Diagnosing and Treating Cataracts at Dr. Dorothy Park & Associates in Columbia
Cataracts occur when part of the lens of the eye becomes cloudy or appears white. This occurs due to a concentrated buildup of protein in the lens, resulting in blurry or distorted vision. If you have the beginnings of a cataract or have noticed a recent change in your vision, our eye care professional, here at Dr. Dorothy Park & Associates in Columbia, can examine your eyes and provide you with the right type of eye care to help improve your visual acuity.
Symptoms of a Cataract
Cataracts tend to develop slowly over a period of years, which means you may not notice an immediate change in your visual acuity. As the cataract grows larger, you may notice that colors appear dull, and your vision is blurry. Additional symptoms include glare at night or reduced night vision and blurry or double vision.
Cataract Types and Risk Factors
The most common type of cataract is an age-related cataract. These typically develop after the age of 60. Babies are sometimes born with small, cloudy spots in their eyes. This type of cataract is known as congenital cataract. If you develop a cataract after a traumatic eye injury, it is called a traumatic cataract, and if you develop a cataract after an eye surgery, it is known as a secondary cataract.
Cataracts are diagnosed via an eye exam and visual acuity test. Our eye care professional will look into your eyes to see if any cloudy or white spots are visible on the lens of your eye. Next, she will perform a visual acuity exam using a Snellen eye chart.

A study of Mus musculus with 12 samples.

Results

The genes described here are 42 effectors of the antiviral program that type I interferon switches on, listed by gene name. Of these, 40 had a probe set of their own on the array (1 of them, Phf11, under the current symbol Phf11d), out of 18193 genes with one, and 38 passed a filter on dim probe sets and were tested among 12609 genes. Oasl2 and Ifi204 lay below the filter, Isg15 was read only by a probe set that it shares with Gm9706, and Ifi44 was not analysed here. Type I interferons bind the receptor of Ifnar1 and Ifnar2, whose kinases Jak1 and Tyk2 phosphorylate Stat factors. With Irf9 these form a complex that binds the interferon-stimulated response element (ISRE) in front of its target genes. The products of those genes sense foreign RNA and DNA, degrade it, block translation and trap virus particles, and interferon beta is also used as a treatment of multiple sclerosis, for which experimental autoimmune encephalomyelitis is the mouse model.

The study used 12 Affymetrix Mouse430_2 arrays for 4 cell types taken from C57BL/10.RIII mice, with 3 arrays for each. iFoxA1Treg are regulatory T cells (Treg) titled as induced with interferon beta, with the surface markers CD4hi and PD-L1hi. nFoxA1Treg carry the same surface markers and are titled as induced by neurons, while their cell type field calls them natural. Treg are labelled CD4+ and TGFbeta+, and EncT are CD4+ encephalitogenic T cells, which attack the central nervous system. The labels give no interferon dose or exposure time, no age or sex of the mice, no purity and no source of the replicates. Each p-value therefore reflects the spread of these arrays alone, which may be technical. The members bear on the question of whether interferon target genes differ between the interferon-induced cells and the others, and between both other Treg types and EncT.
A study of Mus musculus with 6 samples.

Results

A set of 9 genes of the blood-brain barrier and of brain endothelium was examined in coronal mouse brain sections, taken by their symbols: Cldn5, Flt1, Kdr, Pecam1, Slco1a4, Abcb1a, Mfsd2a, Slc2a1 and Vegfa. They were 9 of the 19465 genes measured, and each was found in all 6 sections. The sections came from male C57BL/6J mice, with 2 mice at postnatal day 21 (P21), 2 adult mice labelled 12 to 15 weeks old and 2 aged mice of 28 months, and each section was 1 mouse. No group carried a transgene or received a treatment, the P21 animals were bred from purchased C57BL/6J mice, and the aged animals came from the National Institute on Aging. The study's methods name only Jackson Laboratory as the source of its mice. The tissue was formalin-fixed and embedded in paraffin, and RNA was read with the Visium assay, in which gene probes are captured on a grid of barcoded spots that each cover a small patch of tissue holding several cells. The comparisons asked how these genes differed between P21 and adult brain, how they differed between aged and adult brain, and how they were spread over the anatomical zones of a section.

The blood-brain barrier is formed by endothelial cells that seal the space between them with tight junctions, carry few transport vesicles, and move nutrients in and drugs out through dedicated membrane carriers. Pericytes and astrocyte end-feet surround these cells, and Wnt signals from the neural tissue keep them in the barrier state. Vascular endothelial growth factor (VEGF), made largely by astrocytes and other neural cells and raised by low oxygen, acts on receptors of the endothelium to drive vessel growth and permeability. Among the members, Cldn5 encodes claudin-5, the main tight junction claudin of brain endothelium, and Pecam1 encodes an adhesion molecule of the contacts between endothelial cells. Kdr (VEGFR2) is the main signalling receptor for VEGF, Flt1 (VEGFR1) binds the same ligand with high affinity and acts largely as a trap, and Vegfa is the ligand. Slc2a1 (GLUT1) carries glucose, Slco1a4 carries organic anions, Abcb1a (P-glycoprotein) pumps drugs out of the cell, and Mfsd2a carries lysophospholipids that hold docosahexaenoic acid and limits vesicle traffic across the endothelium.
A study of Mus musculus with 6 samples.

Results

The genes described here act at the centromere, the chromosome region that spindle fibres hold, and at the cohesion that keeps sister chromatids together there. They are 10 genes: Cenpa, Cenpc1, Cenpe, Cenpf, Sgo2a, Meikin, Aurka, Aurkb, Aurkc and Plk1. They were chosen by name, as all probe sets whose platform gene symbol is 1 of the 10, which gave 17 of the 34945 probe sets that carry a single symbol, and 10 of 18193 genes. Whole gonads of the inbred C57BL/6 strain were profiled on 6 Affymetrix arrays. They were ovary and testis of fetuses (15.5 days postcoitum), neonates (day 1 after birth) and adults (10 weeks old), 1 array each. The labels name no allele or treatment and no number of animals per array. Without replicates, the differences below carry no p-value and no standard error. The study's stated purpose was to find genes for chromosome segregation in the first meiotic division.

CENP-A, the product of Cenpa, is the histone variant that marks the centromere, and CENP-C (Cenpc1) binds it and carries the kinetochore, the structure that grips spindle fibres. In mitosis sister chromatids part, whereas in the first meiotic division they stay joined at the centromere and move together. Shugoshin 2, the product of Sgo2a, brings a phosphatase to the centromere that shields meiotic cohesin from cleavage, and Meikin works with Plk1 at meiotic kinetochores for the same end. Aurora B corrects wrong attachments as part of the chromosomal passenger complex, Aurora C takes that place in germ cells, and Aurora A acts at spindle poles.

Our eye doctor may also perform a dilated eye exam to check for problems with the back of your eye and test your eye pressure to determine if you have glaucoma. While these conditions do not necessarily cause the development of a cataract, they can be present along with your cataracts, especially if you have experienced an eye trauma or have eye inflammation.
Cataract Treatment at our Optometry Clinic in Columbia
Our Columbia eye care professional can examine your eyes to determine the size of your cataract and the degree to which it impacts your vision. A cataract that is relatively small in size typically only needs glasses or contacts to correct vision. If you have a large cataract that is preventing you from performing daily tasks or a cataract that is interfering with the treatment of another eye disease, like macular degeneration or diabetic retinopathy, you may benefit from cataract surgery. Our eye doctor can help you determine if your cataract only needs to be monitored or if you would benefit from having the cataract removed. If your cataract does need to be removed in the future, we can provide your post-surgery follow-up care.